Article Abstract

The use of ketamine in the management of refractory cancer pain in a palliative care unit

Authors: Ka Wai Alice Cheung, Po Chung Chan, Sing Hung Lo

Abstract

Background: Ketamine has been used as an adjuvant to opioid therapy for the management of refractory cancer pain but the current evidence is insufficient to draw any conclusions regarding its efficacy. We aimed to assess the response to ketamine in patients with refractory cancer pain treated in an oncology palliative care unit.
Methods: Patients with refractory cancer pain despite opioid dose escalation were selected for a trial of parenteral ketamine infusion according to a local protocol. The medical records of those patients treated between January 2004 and December 2018 were retrospectively reviewed. The primary endpoint of the study was a favorable response to ketamine, defined as a reduction in regular opioid dose with no increase in pain intensity or a reduction in pain intensity by ≥2 points on the numerical rating scale (NRS) with a stable regular opioid dose. The secondary endpoint was adverse events associated with ketamine.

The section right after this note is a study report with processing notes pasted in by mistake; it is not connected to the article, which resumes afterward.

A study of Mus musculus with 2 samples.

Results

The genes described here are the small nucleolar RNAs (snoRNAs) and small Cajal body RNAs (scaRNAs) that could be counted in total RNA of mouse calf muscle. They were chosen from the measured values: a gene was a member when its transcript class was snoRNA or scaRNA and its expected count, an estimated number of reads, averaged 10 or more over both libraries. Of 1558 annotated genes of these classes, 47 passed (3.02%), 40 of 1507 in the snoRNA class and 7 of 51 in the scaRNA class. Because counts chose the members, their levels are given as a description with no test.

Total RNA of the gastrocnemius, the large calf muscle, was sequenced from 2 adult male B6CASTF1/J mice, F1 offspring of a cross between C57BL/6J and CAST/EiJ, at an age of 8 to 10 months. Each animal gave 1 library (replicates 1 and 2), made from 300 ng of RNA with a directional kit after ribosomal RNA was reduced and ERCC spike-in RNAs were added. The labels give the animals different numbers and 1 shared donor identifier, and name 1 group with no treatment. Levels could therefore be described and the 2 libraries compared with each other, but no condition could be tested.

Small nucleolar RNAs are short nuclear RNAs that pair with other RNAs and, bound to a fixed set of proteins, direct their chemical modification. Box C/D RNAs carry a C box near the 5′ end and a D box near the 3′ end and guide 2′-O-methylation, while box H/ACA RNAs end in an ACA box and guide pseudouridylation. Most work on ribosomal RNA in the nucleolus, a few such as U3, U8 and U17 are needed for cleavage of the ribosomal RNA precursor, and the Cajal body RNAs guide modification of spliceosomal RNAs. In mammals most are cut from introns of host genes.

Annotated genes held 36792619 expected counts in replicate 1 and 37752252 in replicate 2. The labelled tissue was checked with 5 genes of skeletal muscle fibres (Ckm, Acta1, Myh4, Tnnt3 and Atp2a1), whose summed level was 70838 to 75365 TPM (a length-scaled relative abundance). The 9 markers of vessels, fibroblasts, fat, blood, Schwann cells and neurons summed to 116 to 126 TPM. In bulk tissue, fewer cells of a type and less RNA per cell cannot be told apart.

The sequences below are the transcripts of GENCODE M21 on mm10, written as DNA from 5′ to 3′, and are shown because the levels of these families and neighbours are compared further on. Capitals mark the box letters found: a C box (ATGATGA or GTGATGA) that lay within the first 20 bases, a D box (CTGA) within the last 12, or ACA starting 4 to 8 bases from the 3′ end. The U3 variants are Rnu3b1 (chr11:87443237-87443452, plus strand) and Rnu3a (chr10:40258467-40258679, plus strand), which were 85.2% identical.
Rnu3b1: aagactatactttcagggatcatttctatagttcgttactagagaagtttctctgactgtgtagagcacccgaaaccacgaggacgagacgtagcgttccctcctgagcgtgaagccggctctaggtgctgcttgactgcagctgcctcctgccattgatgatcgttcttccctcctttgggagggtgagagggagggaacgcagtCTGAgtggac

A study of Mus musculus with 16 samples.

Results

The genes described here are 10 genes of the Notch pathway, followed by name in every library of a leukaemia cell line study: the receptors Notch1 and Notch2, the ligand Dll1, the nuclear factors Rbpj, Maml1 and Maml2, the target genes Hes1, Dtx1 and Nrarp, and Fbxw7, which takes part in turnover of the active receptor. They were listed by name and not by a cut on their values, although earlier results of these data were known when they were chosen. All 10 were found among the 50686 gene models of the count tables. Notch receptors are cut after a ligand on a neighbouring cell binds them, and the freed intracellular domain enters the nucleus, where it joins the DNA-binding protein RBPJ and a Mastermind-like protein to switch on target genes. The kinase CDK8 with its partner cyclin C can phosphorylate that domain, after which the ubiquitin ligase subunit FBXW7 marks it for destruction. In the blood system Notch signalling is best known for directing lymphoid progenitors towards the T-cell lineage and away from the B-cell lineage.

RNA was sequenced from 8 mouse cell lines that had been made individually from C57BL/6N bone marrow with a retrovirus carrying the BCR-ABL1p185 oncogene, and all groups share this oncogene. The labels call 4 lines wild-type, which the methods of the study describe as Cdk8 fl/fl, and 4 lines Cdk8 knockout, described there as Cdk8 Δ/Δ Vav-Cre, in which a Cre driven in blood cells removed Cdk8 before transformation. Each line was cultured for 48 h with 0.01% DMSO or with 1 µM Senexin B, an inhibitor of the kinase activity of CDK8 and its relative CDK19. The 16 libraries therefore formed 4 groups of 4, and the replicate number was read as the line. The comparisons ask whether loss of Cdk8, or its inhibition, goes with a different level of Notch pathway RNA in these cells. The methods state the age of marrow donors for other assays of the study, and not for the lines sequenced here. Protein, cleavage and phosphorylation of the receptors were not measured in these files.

Results: Among the 70 patients, mean pain score on NRS improved from 7.0 to 4.0 after ketamine (P<0.001). Forty-nine patients had a reduction of pain score by ≥2 points on NRS, 33 had ≥50% reduction in pain intensity. The median decrease in regular opioid dose was 25.5%, and the mean difference was −133.2 mg (P=0.002). A favorable response to ketamine was observed in 52 patients (74.3%). The use of more than one coanalgesic (odds ratio 3.451; 95% CI: 1.087–10.960; P=0.036) was associated with a favorable response to ketamine on multivariate analysis. Adverse events were mostly mild, with the commonest being drowsiness (45.7%), hypertension (34.3%) and nightmares (25.7%). Only five and three patients required temporary suspension and early termination of ketamine infusion respectively.
Conclusions: These data demonstrated the efficacy and safety of ketamine in a population of patients with refractory cancer pain. The use of more than one coanalgesic was associated with a favorable response to ketamine. Further large and multicentered studies are warranted to confirm these data.